With the national obsession with Brexit now fast approaching 4 years, you would honestly think that the United Kingdom had suddenly become the most unwelcome place in Europe to live!
The mainstream media probably have a lot to do with this. The Brexit focus inevitably seems to have been mainly placed on the issue of immigration. Numerous scandals, such as the Windrush saga, have rightly hit the headlines since the Brexit referendum took place. We have had so much uncertainty about the future of non-British UK residents and undoubtedly some will have been put off coming to live in the UK as a result.
But with all the talk about national pride, sovereignty and remaining true to British values we have heard in the last few years, one question seems to have evaded much attention. Is it really that hard to become a British citizen?
So Is It?
Not to sit on the fence, but the answer, as you’d probably expect, is “it depends!” We all have our own set set of unique circumstances that dictate our prospects of success in anything we turn our mind to. But the (very!) good news is that Britain is not by any means the unwelcoming country many have recently sought to paint it as. In fact, the United Kingdom as a whole great pride in what it can offer to those who would like to become a British citizen. And it most certainly prefers people to become British than be undocumented or unable to live in the UK with close family because of visa issues.
Naturalisation is the ideal way to apply to become a British citizen. You may already quality for citizenship depending on where and when you were born, your parents’ circumstances and your UK Ancestry. But if you don’t, there are a few conditions you’ll need to abide by in order to apply to be a British citizen.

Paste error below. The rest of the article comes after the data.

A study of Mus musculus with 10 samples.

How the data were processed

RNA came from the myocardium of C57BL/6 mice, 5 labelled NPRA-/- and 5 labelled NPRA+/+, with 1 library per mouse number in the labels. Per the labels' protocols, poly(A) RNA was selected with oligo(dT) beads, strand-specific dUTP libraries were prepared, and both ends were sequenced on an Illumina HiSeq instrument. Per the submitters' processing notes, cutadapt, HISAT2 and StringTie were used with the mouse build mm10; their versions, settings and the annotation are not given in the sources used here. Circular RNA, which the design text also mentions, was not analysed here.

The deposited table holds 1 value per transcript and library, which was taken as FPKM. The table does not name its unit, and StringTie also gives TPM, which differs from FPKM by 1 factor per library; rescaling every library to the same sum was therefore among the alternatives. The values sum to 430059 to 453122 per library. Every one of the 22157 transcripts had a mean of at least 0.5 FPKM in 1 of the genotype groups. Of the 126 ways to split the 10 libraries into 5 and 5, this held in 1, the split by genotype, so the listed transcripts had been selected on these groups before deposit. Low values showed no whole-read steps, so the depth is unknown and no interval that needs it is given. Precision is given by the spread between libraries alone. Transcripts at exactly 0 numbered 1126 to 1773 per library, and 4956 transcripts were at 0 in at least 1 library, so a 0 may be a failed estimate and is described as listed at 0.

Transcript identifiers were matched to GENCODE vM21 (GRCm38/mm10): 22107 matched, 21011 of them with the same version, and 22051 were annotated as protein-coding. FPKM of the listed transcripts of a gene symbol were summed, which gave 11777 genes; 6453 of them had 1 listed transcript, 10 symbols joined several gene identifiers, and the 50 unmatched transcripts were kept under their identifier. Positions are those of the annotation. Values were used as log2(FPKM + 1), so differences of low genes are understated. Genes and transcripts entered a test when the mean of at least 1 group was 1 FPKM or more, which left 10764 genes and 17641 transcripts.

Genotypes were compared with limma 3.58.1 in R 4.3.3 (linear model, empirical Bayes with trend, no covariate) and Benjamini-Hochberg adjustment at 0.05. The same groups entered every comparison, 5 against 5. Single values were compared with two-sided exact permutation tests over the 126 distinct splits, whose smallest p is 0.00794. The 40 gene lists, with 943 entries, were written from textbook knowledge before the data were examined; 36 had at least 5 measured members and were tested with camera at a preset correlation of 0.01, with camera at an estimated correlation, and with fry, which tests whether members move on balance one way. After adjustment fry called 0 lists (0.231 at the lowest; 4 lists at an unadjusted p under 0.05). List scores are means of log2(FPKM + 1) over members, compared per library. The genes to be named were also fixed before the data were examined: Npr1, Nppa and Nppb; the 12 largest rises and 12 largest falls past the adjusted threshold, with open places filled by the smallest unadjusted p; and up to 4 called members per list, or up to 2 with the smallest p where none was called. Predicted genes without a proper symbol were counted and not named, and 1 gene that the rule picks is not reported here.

The most important of these is that you have lived in the United Kingdom for at least the last 5 years, which is known as the residency requirement. There are others of course, such as being of good character, having a good command of English and intending to continue to live in the UK. But you may be somewhat surprised to learn that there aren’t any new conditions to applying for British citizenship that have arisen from the Brexit conundrum. In other words, it’s no more difficult to become a British citizen now that it was before the EU Referendum.
This is all pretty sweet music to my ears. I’m a US ex-pat, but have always been a massive “Anglophile”. My other half James is British (he is from Gibraltar) and for a few years now I’ve toyed on and off with the idea of applying for British citizenship. I suppose I haven’t had a huge incentive to apply yet as a United States passport is, like a British passport, a pretty good one to have.
I’ve thought about dual US/UK citizenship a fair amount of late too. Now wouldn’t that be cool? I’ll admit I haven’t yet looked into the ins and outs of dual citizenship but it does sound fascinating!
There are a few things to consider, such as what responsibilities I may still have back home if I become British, whether or not I cease having a US passport. But having made the firm decision not to return to the US to live, at least for the foreseeable future, I can definitely say that pretty soon is going to be British citizenship application time!
If you, as I will, need help making a British citizenship application, there are a few great options out there that will make the process smoother. In my view it’s always a good idea to spend a little more to make sure that you do things properly. Although I hear that there are even immigration solicitors these days who help with citizenship applications on a “no win no fee” basis. I suppose my thinking is that it’s really worth having someone knowledgeable and experienced on your side who can help you over any bumps in the road.
Have you ever applied for British citizenship, or know anyone who has? It would be great to hear from you in the comments!